NEWARK – According to NHL commissioner Gary Bettman, the league’s revenues have risen every year since the lockout, culminating with a $3.3 billion haul this season. The players, who were supposed to have taken it on the chin in the last collective bargaining agreement, have never had it better.

So why, then, is there this prevailing sense of doom that a lockout is inevitable? Perhaps it’s not one that will wipe out an entire season, but there seems to be an enormous amount of chatter in the hockey industry that the league will lock the players out on Sept. 15 and have them return to work at the end of November.

Neither side has had a meaningful bargaining session yet so it’s impossible to say with any certainty what will happen. What we do know is there is still an enormous gap between the have and have-not teams regardless of how high revenues have climbed. There are several issues to be worked out concerning contract terms and revenue sharing, which are issues that will be as important for the teams to resolve among themselves as it is with the players.

In other words, there is a lot of work to do.

“I don’t understand both the speculation and the degree of negativity that it connotes, considering we have yet to have a substantive discussion on what we may each be looking for in collective bargaining,” Bettman said. “So if somebody is suggesting it, it’s either because there is something in the water, people still have the NBA or NFL on the brain or they’re looking for news on a slow day.”

NHL Players’ Association executive director Donald Fehr also tread lightly on the issue of negotiations. He did say that he senses, “you don’t have the kind of atmosphere going in which necessarily presaged a conflict, you don’t seem to have that.” But he also went on to caution that whether or not you have that environment 108 days before the expiration of an agreement doesn’t accurately predict the outcome.

Leading up to the lockout in 2004, the players’ association tabled a proposal which called for a 24 percent rollback across the board on salaries and while it didn’t save the season, it became a major foundation of the new agreement. When asked whether the players might make a similar proposal, Fehr joked, “What, you don’t like me in this job?”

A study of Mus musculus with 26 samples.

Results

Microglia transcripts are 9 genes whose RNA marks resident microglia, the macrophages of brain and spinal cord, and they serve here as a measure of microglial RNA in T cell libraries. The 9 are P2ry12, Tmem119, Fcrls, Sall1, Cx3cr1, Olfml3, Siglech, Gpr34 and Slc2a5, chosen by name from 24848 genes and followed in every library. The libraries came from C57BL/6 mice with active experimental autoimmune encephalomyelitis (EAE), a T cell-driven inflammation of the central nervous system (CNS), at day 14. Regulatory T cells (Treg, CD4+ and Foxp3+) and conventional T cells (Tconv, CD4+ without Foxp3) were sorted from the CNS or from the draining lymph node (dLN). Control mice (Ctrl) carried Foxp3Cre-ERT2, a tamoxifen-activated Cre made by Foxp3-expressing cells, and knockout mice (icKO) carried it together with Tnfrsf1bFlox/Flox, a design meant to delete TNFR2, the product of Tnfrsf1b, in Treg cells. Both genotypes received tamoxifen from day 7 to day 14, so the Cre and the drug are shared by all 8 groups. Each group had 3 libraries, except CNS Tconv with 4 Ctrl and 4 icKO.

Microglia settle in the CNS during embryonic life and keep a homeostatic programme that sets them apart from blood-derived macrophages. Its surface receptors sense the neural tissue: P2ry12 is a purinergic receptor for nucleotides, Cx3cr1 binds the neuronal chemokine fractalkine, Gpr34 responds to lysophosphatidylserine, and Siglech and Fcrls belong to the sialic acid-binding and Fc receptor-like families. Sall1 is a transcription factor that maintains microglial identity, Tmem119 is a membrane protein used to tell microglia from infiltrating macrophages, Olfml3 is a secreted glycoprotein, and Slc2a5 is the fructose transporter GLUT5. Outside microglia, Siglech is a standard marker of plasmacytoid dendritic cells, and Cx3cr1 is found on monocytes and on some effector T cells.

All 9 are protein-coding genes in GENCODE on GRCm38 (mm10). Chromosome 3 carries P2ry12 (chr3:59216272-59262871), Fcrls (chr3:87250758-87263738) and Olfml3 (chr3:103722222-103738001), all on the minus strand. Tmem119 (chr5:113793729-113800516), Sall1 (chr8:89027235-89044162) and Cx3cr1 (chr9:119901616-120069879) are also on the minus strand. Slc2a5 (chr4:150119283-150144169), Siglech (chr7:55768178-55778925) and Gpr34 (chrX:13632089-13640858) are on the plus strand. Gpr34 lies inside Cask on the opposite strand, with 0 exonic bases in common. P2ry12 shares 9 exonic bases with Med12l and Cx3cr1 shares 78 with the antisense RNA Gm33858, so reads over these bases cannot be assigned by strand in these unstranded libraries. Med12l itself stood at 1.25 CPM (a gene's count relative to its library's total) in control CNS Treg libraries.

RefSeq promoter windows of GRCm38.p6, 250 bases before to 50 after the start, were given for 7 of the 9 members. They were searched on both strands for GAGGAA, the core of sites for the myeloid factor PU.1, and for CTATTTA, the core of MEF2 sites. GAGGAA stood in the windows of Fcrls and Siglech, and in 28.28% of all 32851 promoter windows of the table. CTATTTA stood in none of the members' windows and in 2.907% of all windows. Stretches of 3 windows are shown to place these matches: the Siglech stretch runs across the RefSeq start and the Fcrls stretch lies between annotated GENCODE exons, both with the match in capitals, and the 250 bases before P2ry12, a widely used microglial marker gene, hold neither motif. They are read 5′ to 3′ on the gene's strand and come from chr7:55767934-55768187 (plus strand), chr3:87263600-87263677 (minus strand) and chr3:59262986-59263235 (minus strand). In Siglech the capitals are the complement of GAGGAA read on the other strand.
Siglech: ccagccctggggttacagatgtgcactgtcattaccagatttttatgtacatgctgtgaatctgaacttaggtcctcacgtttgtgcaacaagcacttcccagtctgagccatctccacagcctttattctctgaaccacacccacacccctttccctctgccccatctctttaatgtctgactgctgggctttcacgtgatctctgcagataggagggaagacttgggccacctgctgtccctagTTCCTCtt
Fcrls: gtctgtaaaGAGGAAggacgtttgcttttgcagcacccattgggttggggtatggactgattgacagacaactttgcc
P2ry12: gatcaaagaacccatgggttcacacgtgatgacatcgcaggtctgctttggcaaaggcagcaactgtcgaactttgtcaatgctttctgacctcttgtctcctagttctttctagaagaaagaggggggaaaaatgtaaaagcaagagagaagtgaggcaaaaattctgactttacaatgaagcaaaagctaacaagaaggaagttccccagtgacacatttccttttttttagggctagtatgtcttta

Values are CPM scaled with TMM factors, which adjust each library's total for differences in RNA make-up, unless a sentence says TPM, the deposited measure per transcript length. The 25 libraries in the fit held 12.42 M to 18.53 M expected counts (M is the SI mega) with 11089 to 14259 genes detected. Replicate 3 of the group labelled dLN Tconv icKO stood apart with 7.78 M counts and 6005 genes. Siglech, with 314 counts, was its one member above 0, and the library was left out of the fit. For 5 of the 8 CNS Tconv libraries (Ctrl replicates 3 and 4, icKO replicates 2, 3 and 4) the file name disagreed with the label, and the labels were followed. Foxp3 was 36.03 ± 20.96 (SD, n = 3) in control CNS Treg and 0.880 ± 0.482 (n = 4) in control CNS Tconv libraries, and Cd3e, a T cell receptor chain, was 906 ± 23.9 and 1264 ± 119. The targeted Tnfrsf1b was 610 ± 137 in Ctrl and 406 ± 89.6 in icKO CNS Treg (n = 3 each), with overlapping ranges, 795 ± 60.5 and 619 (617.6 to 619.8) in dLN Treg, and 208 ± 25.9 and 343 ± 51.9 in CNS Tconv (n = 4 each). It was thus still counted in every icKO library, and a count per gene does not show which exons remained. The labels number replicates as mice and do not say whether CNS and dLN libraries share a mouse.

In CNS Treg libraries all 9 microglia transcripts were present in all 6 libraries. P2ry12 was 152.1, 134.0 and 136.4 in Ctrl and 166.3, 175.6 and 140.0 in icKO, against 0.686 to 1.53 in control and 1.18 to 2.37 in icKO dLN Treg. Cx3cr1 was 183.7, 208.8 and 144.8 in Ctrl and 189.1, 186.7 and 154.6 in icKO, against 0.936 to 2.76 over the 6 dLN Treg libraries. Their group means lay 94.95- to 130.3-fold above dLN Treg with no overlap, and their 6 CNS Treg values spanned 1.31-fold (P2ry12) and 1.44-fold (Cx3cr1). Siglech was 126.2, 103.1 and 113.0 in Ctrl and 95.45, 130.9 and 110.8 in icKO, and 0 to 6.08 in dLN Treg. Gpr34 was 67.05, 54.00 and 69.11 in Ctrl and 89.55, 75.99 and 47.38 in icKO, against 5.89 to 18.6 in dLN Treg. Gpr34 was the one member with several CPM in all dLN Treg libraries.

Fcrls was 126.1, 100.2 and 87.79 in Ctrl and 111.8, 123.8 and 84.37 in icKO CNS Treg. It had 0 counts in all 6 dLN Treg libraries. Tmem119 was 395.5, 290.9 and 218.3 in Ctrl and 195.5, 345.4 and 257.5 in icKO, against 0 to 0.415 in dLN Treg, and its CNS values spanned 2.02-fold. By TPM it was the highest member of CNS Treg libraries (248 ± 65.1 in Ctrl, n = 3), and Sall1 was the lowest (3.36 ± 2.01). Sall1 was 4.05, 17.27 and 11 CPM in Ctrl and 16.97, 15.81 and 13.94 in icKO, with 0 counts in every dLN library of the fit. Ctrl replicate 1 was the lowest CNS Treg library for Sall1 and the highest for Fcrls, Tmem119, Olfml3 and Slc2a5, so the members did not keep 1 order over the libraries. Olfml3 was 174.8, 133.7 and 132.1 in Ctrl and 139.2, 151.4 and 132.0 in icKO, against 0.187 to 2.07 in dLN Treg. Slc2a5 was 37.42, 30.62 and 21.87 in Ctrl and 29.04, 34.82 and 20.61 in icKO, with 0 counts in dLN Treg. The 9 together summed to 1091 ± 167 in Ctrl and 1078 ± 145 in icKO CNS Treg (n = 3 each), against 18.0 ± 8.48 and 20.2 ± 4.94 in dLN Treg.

Like the last time, it will take a lot more than just a one-time offer of a pay cut to appease the owners. According to all indications, the league is looking to have the players’ share of revenues reduced to somewhere in the area of 50 percent. All indications are this will be another round of claw-back negotiating on the part of the NHL, which is fully aware that public sentiment is rarely in the favor of millionaire hockey players. The league is also cognizant of the fact the players sacrificed a year of their careers the last time around. Will the ones who did so be willing to do the same again and lose millions in career earnings they will never, ever get back?

“(The players) recognize they made enormous concessions in the last round of bargaining,” Fehr said. “And that is part of the backdrop that leads us into this round of negotiations. The players know what happened last time.”

Bettman did touch on some other league business in his state-of-the-union address, the most prominent of which is that league data shows concussions are down slightly this season for the first time in three years despite more conscientious reporting of the injury. He is currently formulating his opinion on the appeal of the 25-game suspension to Raffi Torres of the Phoenix Coyotes and, speaking of the Coyotes, would not make a 100 percent guarantee they will be playing in Glendale next season, although he said all signs point to that being the case.

Bettman said prospective owner Greg Jamison continues to work out a deal with the City of Glendale on a management fee for the Arena and put his own financing together for the deal. The city is expected to vote next week on the management agreement that would pay Jamison $20 million a year until 2017 and an average of $14.5 million per year on a 20-year lease.

“I can’t say anything with 100 percent certainty,” Bettman said. “The likelihood, based on everything we know today, that the process should conclude successfully, but it’s not something I’m prepared to guarantee.”